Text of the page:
Sociology professor to discuss causes, consequences of medication errors

KENNESAW, Ga. | Aug 19, 2020

Linda Treiber
Linda Treiber

Kennesaw State University’s Office of Research is hosting a one-hour web show every other Friday at 4 p.m. to showcase the varied research being conducted by KSU faculty members. “Research with Relevance” spotlights Kennesaw State researchers in a live interview followed by an interactive question-and-answer session with the virtual audience.

In the first episode of the fall semester, Linda Treiber, professor of sociology in the College of Humanities and Social Sciences, will be featured with special guest Jackie Jones, professor emerita of nursing, who recently retired from KSU’s WellStar College of Health and Human Services. Treiber and Jones will discuss the causes and consequences of medication errors among registered nurses.

How did you first get involved in this field of research?

I have long been involved with better understanding problems in the workplace using concepts of labor process control and technology and how these factors could lead to unanticipated negative consequences. I can still remember some medication mistakes being made when I worked as a full-time registered nurse. So, teaming up with Dr. Jackie Jones, who also is a nurse, seemed like the ideal opportunity to begin a research agenda. We examine how social factors influence error outcomes. It’s a great match with nursing, which also looks at the patient in relation to the environment.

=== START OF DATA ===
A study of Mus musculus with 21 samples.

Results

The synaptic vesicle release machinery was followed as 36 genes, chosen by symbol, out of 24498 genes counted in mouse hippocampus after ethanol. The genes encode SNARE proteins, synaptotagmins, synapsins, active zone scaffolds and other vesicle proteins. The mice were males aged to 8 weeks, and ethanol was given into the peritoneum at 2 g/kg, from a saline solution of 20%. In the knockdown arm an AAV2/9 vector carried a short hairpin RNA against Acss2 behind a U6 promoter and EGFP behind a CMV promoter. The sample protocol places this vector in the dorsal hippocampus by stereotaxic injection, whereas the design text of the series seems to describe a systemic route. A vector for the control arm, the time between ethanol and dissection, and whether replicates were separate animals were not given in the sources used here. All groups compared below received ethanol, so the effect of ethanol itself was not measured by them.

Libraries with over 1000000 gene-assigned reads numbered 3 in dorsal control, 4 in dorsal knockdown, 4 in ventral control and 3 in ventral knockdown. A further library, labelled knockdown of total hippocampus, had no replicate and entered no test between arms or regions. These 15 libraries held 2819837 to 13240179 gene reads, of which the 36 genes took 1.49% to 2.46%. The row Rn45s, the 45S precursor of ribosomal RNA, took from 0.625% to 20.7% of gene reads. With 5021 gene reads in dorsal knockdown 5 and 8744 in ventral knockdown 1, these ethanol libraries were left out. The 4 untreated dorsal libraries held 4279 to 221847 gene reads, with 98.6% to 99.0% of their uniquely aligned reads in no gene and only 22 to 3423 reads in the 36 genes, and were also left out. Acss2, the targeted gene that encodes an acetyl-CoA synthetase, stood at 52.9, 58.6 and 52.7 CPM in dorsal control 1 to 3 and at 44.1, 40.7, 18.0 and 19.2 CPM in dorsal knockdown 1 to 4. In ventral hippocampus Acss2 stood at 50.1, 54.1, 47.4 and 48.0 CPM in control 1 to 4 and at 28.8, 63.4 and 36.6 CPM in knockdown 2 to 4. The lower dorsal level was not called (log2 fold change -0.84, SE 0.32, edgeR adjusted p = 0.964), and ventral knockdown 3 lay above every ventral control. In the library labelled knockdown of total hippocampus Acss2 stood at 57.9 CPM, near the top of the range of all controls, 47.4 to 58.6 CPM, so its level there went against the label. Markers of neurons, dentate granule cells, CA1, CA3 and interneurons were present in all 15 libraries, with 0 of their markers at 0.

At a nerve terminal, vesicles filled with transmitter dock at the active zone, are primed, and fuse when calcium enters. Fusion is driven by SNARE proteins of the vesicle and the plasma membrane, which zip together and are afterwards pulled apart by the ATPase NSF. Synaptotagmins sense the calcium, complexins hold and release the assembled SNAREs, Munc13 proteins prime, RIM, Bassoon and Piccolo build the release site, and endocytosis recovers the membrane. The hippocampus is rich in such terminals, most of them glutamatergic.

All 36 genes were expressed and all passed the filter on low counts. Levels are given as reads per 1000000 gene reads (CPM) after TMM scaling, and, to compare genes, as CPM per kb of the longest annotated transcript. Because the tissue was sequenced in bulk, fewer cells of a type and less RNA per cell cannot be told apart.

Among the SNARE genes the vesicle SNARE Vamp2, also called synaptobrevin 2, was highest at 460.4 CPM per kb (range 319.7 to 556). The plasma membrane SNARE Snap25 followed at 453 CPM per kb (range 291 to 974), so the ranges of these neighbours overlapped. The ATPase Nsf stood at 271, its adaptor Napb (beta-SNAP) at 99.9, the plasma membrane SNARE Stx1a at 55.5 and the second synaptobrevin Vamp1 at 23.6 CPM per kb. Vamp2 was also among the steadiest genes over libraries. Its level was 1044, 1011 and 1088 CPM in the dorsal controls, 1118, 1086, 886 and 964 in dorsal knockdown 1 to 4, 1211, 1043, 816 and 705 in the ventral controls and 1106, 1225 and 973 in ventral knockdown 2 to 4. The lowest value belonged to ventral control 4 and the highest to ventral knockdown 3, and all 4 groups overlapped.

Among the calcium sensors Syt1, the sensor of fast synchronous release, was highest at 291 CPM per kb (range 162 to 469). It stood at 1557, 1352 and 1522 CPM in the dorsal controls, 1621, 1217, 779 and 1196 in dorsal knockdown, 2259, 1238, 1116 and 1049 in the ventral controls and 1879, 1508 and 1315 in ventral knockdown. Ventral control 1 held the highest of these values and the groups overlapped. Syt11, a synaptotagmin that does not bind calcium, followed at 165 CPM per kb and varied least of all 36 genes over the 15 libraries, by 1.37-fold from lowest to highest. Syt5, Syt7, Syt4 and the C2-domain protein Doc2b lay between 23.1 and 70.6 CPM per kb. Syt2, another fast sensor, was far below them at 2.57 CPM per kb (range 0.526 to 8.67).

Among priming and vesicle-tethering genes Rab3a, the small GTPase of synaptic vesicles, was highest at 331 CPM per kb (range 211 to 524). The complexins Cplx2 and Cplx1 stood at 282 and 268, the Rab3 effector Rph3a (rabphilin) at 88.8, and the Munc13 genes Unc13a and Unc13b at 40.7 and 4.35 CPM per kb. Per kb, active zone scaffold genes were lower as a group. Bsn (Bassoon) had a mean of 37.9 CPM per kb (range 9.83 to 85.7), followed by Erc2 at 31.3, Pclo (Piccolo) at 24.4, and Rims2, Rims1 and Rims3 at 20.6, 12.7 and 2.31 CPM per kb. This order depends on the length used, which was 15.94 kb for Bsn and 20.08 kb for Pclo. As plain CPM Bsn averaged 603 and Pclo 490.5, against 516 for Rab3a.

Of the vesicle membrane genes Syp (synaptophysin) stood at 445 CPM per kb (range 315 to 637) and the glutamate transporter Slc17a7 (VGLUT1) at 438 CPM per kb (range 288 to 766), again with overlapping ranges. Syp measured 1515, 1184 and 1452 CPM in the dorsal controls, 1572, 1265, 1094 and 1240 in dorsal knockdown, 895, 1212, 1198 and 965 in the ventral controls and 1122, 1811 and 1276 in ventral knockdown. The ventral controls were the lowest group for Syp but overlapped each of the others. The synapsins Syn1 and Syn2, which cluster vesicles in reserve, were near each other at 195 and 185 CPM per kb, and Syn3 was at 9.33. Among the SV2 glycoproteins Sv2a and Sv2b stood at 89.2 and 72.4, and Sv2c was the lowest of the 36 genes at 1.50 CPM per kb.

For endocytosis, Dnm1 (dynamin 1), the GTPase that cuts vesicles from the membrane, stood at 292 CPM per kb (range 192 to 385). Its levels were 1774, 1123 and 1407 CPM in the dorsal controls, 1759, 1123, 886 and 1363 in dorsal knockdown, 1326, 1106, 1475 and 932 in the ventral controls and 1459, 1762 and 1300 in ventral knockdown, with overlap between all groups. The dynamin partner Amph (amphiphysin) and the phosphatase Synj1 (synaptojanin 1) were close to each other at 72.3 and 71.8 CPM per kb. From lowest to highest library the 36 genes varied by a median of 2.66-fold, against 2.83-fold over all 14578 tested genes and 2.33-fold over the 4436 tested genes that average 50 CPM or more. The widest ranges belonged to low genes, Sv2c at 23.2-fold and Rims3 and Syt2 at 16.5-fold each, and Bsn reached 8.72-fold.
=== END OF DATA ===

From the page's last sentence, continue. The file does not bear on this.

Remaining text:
Who has influenced you, either as an instructor or as a researcher?

As a social science researcher, I have been influenced by sociologist Dr. Charles Perrow and his concept of “normal accidents.” He talks about how in complex systems with tightly linked connections, mistakes are inevitable. Also, both Jackie and I have been influenced by nurse researcher Dr. Sue Scott and her work on nurses who become the “second victims” of errors.

In what ways has KSU supported your research?

KSU supported us throughout. First, we received a CETL (Center for Excellence in Teaching and Learning) grant to begin the research, then money from our respective colleges and departments for travel and other expenses to continue research. In 2013, Jackie and I won a KSU Foundation Prize for scholarship for our article, “When the 5 Rights Go Wrong: Medication Errors from the Nursing Perspective.” We used some of this prize money to fund our projects and presentations.

How have you seen students benefit from being involved in your research efforts?

That’s hard to say. My students have not helped us conduct the research, but we do use our research in our teaching. Jackie recently taught a Special Topics class on mistakes and medication errors in nursing and I use our work in Medical Sociology and the courses that I teach on organizations and work.

What do you hope students learn from you in the classroom?

I hope they learn how great research is! And that learning research methods is more than just remembering information for an exam. The ability to design and conduct research is a lifelong skill; it’s a marketable part of your “toolkit.”

How much has your field changed in the time you’ve studied it?

I can’t go back that far! But since the 1990s when I earned my master’s degree in nursing, there is now greater emphasis on health disparities, cultural competence, and evidence-based practice. These are sociological issues as well.

Tune in on Friday, August 21 at 4 p.m. to hear Treiber and Jones talk about their research and answer your questions. Click here for more information.